What are the challenges for vision inspection in construction?
We mainly face three challenges at our projects:
1. The systems work in difficult environments, often dirty, rough and hard to access
This point does not need a lot of explanation. In most projects we have to deal with dust, water, or mud and cameras might be installed in very high positions, or very narrow ones or even underground or on flying objects.
2. There is only a low number of actual defect images per category to train models
For decades, the industry has focused on avoiding errors through process optimization. For computer vision, especially if Machine Learning (ML) is used, which learns strong models from large data sets, this is a challenge. Many of our customers lack a database of defective parts. Some may have 100, 10 or even fewer images of a defect they would like to detect.
3. There are quickly changing requirements and camera positions
With the constant improvement of products and processes, there is an increasing chance that vision inspection systems will quickly fail to meet decided and trained conditions. Product changes and changes in the production environment put inspection systems at risk and can even lead to the discontinuation of the original system.
How to design successful systems?
In the following we share some key learnings in designing and implementing a successful system to overcome the mentioned challenges.
a) Autonomous working and specially protected systems
Even though it is technically possible to use cloud computing for most of our applications we decided in all of our current projects to use edge devices. This allows us to avoid networking issues and guarantee a maximum reliability. Obviously, we also found ways to protect our hardware equipment according to the unique environment and fulfill the often very strict safety requirements (e.g. ATEX).
b) Be flexible in your model creation
Having few images of defects are actually one of the most complex challenge the full machine vision industry and research face. Probably we will discuss this issue one day in a special blog post. Anyway, there are some things we do to overcome such issues:
- Combine traditional methods with ML – many times traditional algorithms are more reliable and also cheaper to develop
- ML models which trains with “only good” data. We successfully refined unsupervised and semi-supervised algorithms for anomaly detection to target domains inside the construction industry. (this one is kind of a recipe secret of our company, which is why I won’t give too many details at the moment)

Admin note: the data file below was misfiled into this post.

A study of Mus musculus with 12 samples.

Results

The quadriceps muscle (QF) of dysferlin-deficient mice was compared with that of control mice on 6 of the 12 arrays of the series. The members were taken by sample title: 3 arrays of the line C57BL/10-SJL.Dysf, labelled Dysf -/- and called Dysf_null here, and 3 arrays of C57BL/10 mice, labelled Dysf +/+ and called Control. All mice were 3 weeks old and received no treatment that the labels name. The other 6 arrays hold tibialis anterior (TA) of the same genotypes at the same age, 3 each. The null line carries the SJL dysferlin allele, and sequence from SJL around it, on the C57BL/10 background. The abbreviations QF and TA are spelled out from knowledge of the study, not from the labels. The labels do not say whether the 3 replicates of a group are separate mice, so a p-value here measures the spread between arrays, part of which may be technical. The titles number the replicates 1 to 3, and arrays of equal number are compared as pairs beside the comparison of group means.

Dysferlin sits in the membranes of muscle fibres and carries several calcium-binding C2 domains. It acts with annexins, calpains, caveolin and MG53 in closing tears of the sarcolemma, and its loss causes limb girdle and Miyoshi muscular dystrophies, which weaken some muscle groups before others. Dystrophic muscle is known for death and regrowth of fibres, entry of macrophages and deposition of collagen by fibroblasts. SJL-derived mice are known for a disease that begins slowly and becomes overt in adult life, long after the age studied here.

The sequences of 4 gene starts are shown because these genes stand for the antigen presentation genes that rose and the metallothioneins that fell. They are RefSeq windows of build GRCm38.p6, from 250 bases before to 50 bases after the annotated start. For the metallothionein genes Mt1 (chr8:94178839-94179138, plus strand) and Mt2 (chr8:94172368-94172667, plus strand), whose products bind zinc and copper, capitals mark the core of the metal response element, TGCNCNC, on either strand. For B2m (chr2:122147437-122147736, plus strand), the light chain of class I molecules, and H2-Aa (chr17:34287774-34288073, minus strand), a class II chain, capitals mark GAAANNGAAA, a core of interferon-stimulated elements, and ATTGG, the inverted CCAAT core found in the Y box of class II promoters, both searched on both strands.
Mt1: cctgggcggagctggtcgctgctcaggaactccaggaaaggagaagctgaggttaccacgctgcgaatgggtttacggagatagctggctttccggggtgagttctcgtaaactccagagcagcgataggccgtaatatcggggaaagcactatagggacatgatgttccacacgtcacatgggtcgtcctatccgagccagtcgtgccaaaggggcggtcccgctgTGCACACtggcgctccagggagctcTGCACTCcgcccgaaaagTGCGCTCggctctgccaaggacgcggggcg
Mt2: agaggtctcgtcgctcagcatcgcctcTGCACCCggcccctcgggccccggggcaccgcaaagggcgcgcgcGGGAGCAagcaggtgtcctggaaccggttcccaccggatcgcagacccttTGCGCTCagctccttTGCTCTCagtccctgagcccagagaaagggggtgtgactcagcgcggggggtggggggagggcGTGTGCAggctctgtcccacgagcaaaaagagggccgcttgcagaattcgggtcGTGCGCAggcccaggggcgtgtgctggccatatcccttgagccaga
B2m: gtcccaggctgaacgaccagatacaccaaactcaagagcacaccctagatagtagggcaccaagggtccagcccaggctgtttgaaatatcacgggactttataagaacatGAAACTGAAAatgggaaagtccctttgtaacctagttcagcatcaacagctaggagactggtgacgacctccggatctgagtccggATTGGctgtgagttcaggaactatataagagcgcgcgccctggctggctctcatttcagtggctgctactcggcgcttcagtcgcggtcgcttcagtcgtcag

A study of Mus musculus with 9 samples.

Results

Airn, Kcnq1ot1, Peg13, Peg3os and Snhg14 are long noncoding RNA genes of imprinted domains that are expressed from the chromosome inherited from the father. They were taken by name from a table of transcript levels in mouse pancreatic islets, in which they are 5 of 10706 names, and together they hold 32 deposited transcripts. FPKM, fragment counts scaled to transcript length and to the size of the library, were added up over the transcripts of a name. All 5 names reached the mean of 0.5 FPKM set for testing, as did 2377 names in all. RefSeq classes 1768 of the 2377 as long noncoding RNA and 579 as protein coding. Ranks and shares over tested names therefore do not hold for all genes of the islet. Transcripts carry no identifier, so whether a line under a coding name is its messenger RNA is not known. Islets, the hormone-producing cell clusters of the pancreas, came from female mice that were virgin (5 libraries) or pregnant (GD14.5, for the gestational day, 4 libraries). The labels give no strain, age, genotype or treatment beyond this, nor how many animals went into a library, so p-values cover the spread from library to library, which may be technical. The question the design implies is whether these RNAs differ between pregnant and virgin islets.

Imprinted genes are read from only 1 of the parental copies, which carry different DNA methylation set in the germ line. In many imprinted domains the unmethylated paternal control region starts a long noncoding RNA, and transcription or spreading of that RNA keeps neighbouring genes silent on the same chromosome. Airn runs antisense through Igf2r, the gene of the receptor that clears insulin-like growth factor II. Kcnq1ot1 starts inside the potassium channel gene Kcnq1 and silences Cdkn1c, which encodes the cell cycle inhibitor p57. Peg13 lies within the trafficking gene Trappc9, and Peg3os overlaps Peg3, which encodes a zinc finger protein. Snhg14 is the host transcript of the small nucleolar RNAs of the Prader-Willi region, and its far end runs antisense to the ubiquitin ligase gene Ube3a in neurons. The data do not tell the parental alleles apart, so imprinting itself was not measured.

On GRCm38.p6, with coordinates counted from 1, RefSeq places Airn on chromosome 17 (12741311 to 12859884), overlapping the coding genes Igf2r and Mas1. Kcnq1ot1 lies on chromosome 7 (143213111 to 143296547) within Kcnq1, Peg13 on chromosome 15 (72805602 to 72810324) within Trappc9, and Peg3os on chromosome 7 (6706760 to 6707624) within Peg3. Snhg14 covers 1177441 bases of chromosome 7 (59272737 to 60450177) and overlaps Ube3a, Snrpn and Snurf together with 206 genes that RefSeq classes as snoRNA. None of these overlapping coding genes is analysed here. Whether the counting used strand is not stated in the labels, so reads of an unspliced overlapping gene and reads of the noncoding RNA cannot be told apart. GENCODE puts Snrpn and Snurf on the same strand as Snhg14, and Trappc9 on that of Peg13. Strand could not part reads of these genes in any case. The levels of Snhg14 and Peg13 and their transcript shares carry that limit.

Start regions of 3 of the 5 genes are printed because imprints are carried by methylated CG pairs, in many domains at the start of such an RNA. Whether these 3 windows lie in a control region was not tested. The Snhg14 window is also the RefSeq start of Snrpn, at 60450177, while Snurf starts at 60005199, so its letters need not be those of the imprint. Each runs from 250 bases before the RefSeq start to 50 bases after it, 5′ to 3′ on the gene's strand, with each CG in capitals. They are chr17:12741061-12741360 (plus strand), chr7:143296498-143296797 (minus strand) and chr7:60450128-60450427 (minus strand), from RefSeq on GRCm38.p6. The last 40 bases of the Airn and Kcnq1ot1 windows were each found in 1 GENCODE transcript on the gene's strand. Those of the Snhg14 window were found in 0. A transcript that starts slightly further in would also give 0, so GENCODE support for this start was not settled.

- Use cross-project datasets for model training
- If the upper points don’t work, go the extra mile to collect high quality data. Once we literally traveled through Europe to create a dataset.
c) Be flexible in error definitions and expect changes in environment
In production, conditions are adjusted. An accepted tolerance for a crack width of 0.4 mm may be 0.2 mm the next month. Further, the definition of a defect can be very subjective and it is common for disagreements to arise between two inspectors. Therefore, our annotation and software development processes in cooperate and expect changes in environment and specifications.
Vision inspection systems can dramatically simplify and improve quality processes in the construction industry. Herein, ML is not the solution to all problems, often traditional methods are still the best option to solve a problem. However, there are various uses of ML to make processes more effective, autonomous and cheaper. As in any project, it pays out to define the specification clearly and to research and weigh problem solutions well. By asking the right questions and using the right tools in production, it is possible to create value with ML in even harsh environments such as the construction industry and make your processes more efficient and better.
preML GmbH is a computer vision start up that develops customer-specific solutions in the field of image processing and object detection for industry and the construction sector. One focus is on the detection and monitoring of building elements, especially those made of concrete, with the help of camera technology and intelligent algorithms. The start-up was founded in 2020 at KIT from the Department of Computer Science, and the company’s current headquarters are in Lahr in the Black Forest.